A little more than one year has passed since Bobby Shriver said goodbye to the Santa Monica City Council, completing eight years of service on the dais as a local policy maker.
However, speculation swirled almost immediately that Shriver would make a run for a seat on the Los Angeles County Board of Supervisors in 2014. Well, 2014 is here and Shriver has ended all speculation in filing fundraising papers for his campaign for Supervisor.
The former Santa Monica council member and mayor, who also has Kennedy roots, was formally approved to start raising funds this week, allowing Shriver to announce his candidacy for the third supervisorial district, which is currently held by Zev Yaroslavsky who is being termed-out.
Former Los Angeles City Council member and City Controller Wendy Greuel announced last week she would not join Shriver in the race, which is expected to be a highly competitive race.
In an email and open letter sent to his supporters, Shriver outlined his reasons for seeking a seat on the Board of Supervisors, citing his work on the Santa Monica City Council and his parents’ activism.
“In Santa Monica, my home for more than 20 years, I have worked to deliver first-class police and fire protection, clean up Santa Monica Bay and the beaches, create and maintain parks, and house the homeless, especially military veterans,” Shriver wrote. “I am running for Los Angeles County Supervisor to continue this work.”
Bobby Shriver’s father Sargent Shriver founded the Peace Corps and was the driving force in then-President Lyndon B. Johnson’s War on Poverty campaign, among other initiatives.
“My parents brought up each of their five kids to try to make a difference in people’s lives,” Shriver stated in his letter. “I watched my parents’ work and loved their energy and determination – and the results!”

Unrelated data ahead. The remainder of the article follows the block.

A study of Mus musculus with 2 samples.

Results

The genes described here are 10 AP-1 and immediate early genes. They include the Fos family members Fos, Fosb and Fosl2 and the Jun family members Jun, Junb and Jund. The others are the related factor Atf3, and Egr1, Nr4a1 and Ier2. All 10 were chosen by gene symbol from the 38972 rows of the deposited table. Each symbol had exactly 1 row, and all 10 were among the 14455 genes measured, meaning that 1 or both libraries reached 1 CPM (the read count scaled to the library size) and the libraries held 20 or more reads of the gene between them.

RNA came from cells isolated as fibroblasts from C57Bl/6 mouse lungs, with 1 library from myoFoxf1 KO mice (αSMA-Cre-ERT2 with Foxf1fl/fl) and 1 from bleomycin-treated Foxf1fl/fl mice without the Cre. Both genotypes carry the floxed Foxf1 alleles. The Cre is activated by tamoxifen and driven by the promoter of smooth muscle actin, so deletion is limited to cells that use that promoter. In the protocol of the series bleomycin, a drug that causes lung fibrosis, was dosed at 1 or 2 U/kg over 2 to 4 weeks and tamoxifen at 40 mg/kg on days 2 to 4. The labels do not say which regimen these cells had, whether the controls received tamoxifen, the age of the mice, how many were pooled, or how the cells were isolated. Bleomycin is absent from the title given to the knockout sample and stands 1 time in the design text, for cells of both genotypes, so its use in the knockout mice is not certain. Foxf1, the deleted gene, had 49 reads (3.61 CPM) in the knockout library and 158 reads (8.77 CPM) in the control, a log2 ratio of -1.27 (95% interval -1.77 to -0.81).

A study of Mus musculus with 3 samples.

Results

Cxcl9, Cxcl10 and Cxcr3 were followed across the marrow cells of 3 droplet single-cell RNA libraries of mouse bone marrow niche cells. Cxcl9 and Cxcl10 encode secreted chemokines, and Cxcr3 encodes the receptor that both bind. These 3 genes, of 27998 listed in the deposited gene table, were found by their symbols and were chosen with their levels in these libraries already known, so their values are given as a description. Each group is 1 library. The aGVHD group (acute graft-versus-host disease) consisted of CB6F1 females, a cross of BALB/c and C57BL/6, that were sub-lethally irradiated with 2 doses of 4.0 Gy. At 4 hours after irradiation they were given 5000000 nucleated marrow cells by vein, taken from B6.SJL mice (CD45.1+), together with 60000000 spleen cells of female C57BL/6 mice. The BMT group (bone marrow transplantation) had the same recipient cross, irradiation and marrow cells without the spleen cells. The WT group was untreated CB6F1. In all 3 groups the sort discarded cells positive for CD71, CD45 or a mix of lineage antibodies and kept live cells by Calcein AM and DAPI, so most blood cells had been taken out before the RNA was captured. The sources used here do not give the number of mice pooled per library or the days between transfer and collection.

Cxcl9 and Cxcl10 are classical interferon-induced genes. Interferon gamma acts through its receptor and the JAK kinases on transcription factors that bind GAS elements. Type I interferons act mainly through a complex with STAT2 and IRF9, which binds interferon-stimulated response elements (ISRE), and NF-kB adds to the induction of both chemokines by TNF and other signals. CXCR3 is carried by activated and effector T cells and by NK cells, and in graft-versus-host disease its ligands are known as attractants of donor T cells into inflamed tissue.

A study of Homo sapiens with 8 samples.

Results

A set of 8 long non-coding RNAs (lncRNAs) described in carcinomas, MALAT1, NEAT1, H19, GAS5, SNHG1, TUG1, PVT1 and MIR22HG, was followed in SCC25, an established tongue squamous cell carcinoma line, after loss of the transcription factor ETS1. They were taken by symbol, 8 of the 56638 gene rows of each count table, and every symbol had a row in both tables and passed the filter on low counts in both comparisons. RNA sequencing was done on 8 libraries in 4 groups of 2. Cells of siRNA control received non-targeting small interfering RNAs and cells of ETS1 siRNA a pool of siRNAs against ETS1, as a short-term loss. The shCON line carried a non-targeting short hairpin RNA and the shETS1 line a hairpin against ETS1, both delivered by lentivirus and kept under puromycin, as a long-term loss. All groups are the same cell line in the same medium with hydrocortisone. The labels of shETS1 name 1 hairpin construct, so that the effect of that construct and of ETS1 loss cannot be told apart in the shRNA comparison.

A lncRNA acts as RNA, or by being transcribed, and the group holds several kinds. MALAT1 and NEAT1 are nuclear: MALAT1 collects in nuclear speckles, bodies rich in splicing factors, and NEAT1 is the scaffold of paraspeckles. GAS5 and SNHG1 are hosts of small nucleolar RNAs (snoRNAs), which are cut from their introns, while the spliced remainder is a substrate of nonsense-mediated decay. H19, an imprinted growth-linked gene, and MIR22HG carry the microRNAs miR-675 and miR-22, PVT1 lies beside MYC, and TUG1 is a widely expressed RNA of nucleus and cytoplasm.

He also acknowledged his mother, Eunice Kennedy Shriver, for founding the Special Olympics.
Shriver added he is aware of the responsibilities the Board of Supervisors carry and stated he has the experience to fulfill the call of duty.
“The supervisors oversee just about every aspect of life: healthcare, education, the arts, parks, social services, transportation, land use, and much more, for 10 million people, especially the most vulnerable – foster children, the mentally and physically disabled, the poor, senior citizens, the homeless,” Shriver said. “I have been doing that for my whole adult life. I know how to do it in original ways.”
He cited his work in producing the first-ever television program in 1987 to raise awareness for the Special Olympics and launching the first “A Very Special Christmas” music album. The eight iterations of the music album that have been created since has helped raise more than $100 million in support of the Special Olympics, Shriver stated.
Also, Shriver pointed out he co-founded ONE.org, (RED), and DATA “to help eliminate the financial and health emergencies threatening the people of Africa, with a particular focus on the HIV/AIDS pandemic.”
“When we started this work, about 60,000 people in Africa had access to life-saving medicines. Today, more than 6 million people have them and are ALIVE because of this activism,” Shriver said.
A Democrat, Shriver said his financial background would be critical in crossing party lines to achieve legislative success.
“Part of the reason I – a lifelong Democrat – attracted Republican support (and substantial private donations) to public health ventures is that I have a very strong financial background. On the Santa Monica City Council, I asked precise financial questions about the half-billion-dollar City budget,” Shriver wrote.
According to the Los Angeles Times, Bill Carrick, who was a strategist for Eric Garcetti’s mayoral campaign last year, will be advising Bobby’s Shriver’s supervisorial race.
Shriver will be facing off against former state lawmaker Sheila Kuehl, former Malibu mayor Pamela Conley Ulich, and West Hollywood Council member John Duran.
A voter-approved initiative, Measure B, was approved in 2002 and curb limits for supervisors to three four-year terms (12 years).
Yaroslavsky was elected to the Board in 1994.
The third supervisorial district Santa Monica as well as Beverly Hills, Calabasas, Hidden Hills, San Fernando, West Hollywood, Westlake Village, and a handful of unincorporated areas such as Agoura and Universal City.
Currently serving on the Board are Michael D. Antonovich, Don Knabe, Gloria Molina, Mark Ridley-Thomas, and Yaroslavsky.
In addition to Yaroslavsky, Molina is also termed-out this year.